Tension Headaches & Migraine

Tension Headaches

Tension headaches are the most common form of headache. In fact, somewhere between 70-90% of the population will experience a tension headache of mild or moderate intensity during the course of their lifetime. For the most part, tension headaches are not disabling and those suffering can go about their daily routines at home or at work.

The typical words used to describe a tension headache include:

  • Tightness
  • Band-like
  • Aching
  • Squeezing
  • Pressure-like
The primary locations where tension headaches are experienced are:

  • In the temples
  • Across the forehead
  • At the back of head
  • In the facial muscles

It is thought that tension headaches are caused by muscle tightening that is created by a host of factors including tension and emotions, dehydration, lack of sleep, repetitive work postures, strain of the neck muscles and activities like clenching and grinding of the teeth to name just a few.

In patients with a bad Temporomandibular Joint (TMJ) problem, tension headaches can be experienced on a frequent or chronic basis as a result of jaw, facial and neck muscles being in a persistent state of contracture. Tension headaches can be the dominant symptom of a Temporomandibular problem or may be one of many symptoms.

Treatment of Tension Headaches may include a Combination of:

  • Medication
  • Education
  • Behavior modification strategies
  • Counseling
  • Exercises
  • Physiotherapy

With these treatment options and working with other health care providers it’s likely that the frequency, duration and intensity of your tension headaches can be reduced.


Migraine Headaches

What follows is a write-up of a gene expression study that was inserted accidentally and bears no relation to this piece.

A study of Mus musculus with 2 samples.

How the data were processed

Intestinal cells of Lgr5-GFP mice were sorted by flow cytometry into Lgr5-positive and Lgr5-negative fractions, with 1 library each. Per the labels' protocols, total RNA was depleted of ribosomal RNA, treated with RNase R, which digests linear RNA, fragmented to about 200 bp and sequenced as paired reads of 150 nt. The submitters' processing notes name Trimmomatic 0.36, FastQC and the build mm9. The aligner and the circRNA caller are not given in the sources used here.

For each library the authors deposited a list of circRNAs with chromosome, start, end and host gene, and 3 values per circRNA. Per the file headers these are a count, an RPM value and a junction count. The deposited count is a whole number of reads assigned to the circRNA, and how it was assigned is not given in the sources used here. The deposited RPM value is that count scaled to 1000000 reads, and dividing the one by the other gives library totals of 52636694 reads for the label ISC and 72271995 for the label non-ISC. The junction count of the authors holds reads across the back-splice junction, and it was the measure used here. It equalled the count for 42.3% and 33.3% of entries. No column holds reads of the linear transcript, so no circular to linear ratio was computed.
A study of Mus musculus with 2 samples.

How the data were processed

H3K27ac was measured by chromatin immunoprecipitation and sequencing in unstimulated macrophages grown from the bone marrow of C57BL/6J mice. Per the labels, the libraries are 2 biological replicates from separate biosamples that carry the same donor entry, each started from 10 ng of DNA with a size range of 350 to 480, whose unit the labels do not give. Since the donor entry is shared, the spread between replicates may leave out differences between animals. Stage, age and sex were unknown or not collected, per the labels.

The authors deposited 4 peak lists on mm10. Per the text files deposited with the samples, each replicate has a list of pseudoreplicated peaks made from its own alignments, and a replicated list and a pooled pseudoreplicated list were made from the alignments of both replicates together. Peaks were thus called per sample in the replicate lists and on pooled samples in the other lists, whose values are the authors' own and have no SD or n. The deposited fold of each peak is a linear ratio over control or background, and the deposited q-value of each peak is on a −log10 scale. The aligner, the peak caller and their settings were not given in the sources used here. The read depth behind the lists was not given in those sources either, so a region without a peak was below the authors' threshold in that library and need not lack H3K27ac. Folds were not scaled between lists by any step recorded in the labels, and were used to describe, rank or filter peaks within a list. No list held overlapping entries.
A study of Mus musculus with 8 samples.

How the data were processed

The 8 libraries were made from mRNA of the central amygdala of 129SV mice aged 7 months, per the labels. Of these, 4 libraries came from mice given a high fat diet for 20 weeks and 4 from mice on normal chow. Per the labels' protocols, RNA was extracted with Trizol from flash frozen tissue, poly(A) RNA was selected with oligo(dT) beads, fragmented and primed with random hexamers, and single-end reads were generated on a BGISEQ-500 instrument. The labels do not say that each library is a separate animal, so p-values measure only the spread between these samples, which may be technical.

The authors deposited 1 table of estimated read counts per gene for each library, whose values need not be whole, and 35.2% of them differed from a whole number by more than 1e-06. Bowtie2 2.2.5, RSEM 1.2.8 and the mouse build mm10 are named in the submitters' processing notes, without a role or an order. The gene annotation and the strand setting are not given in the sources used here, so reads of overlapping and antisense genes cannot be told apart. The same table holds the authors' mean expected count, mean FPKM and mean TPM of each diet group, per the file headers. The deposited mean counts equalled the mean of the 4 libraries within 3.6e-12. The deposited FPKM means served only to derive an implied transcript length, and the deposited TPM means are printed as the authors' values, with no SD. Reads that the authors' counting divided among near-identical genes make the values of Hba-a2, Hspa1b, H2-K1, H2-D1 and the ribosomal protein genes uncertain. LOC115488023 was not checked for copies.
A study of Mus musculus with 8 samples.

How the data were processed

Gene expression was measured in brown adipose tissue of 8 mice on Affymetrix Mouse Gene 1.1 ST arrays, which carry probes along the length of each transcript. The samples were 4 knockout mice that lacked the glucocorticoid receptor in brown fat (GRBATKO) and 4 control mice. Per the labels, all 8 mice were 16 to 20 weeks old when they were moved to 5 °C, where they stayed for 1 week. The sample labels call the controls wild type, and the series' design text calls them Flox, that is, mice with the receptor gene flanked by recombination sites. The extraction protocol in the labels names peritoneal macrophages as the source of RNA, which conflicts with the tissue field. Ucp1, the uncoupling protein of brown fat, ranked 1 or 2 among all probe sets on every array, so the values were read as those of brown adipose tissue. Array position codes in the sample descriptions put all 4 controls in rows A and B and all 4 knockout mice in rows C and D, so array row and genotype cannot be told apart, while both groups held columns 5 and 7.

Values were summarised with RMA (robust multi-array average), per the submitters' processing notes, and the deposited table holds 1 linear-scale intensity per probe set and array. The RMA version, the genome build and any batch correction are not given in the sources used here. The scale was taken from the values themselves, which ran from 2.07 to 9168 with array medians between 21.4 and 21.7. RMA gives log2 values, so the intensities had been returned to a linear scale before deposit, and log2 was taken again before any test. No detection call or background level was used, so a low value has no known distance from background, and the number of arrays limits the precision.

Migraine headaches are classified as a neurological disorder, are more common in females, most often are dominant on one side of the head, and often accompanied with symptoms of light and sound sensitivity, nausea and vomiting. Once a migraine headache develops, pounding and throbbing pain is often experienced across the eyes, forehead, temples, and back of the head.

Though we fully understand that migraine headaches often have a genetic origin and often occur spontaneously without influence from any behavioral or environmental factors, we believe that treatments offered in our office that confront the muscles of the face, jaw and neck are invaluable in helping relieve pain symptoms. I therefore approach these problems with a combination of:

  • Medications
  • Oral appliances used when sleeping
  • Muscle trigger point injection therapy
  • Lifestyle change suggestions
  • Dry needling techniques
  • Botox injections
  • Stress management strategies
  • Biofeedback
  • Relaxation strategies
  • Sleep hygiene suggestions

Managing migraine headaches certainly requires a team approach, and my office can be a critical part of your caring team.